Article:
FOOD recycling will be introduced to five towns in the region from early October.
It follows the council’s successful rollout of plastic, metal, paper and cardboard recycling across Dumfries and Galloway earlier this year.
The new service, which is already operatonal in Stranraer, will allow residents to recycle all cooked and uncooked food which would usually go in a general waste bin.
The kerbside caddies, collected weekly, are set to be delivered to houses in Annan, Dumfries, Dalbeattie, Gretna and Lockerbie starting on Monday.
They will then be given to people in flats, who will also be provided with an outside shared food waste bin for weekly collection.
Alongside the food waste container, residents will receive a supply of 52 biodegradable liners – and those living in houses will get a second larger bin.
The council explains: “Food waste should be placed in the kitchen caddy using the liners then once full, bagged food waste can be placed into the kerbside caddy, usually stored outside (or communal food waste bin for flats). Place your kerbside caddy out for collection once a week on your usual collection day.
“Replacement liners are provided as required. To get more caddy liners, tie a liner to the handle of your kerbside caddy and leave it out on collection day. Our operatives carry liners in the vehicles and will leave a new supply for you.”
The new service will reach 49 per cent of the region’s population – a figure the council says meets the Scottish Government’s statutory requirements on collecting food waste from urban areas.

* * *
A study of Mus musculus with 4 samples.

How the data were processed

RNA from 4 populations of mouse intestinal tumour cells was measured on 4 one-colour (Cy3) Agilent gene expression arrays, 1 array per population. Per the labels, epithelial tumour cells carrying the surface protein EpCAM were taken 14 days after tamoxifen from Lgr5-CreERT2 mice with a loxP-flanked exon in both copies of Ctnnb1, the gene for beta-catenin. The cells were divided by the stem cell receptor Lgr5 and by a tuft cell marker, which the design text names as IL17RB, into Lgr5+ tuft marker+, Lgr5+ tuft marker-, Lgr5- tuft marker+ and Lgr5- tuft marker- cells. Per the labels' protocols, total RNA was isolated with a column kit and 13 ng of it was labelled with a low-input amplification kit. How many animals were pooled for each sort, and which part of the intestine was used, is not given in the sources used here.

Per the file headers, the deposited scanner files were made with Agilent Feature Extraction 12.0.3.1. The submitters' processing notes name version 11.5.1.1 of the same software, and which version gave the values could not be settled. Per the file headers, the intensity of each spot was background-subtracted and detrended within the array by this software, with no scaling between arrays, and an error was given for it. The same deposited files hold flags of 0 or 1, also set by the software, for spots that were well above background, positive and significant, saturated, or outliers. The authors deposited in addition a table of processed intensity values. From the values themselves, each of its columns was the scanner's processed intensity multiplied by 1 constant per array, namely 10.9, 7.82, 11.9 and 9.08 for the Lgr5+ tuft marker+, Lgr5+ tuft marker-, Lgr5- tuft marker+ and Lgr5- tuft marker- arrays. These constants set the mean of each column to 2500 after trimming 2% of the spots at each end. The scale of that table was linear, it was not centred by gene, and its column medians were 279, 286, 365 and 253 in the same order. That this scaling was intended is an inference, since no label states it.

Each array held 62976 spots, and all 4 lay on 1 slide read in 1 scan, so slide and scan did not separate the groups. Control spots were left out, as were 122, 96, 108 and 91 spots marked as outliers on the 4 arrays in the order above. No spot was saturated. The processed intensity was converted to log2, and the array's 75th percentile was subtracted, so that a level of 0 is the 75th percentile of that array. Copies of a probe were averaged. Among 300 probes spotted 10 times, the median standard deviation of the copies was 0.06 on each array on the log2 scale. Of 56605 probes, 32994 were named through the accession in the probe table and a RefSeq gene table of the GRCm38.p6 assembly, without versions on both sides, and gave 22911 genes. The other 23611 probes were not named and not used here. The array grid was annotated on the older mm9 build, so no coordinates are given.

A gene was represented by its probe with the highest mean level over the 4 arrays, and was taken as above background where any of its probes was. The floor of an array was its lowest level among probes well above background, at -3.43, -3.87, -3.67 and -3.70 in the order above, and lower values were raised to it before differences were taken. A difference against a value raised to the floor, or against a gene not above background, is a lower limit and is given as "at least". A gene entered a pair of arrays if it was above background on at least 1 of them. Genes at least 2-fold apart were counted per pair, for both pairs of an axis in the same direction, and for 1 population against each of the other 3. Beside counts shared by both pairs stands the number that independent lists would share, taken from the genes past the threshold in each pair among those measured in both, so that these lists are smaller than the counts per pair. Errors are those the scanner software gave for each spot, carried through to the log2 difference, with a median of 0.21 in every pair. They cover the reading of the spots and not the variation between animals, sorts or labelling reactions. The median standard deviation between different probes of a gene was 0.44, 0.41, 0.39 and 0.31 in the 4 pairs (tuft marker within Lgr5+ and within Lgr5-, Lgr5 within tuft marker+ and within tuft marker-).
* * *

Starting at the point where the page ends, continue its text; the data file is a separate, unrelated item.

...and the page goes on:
The local authority adds that the journeys required to reach other towns, villages and hinterlands in the region would be both too costly and carbon-emitting to justify.
In a letter to residents who will begin using the service next month, Dumfries and Galloway Council’s infrastructure manager, James McLeod, said: “This will allow you to recycle all of your cooked and uncooked waste – even tea bags and coffee grounds.
“Using this service means food waste can be turned into valuable resources such as agricultural fertilisers and energy.
“This will allow Dumfries and Galloway Council to help Scotland meet its ambitious target of recycling 70 per cent of all waste by 2025, as well supporting the council’s mission to achieve net zero carbon status by 2025.
“Everyone has food waste – whether it’s unavoidable food waste such as tea bags, bones, eggshells or leftovers, even small amounts make a difference when they are recycled.
“Even if you think you don’t produce much food waste, why not give the new service a try – you might be surprised at how quickly your caddy fills up.”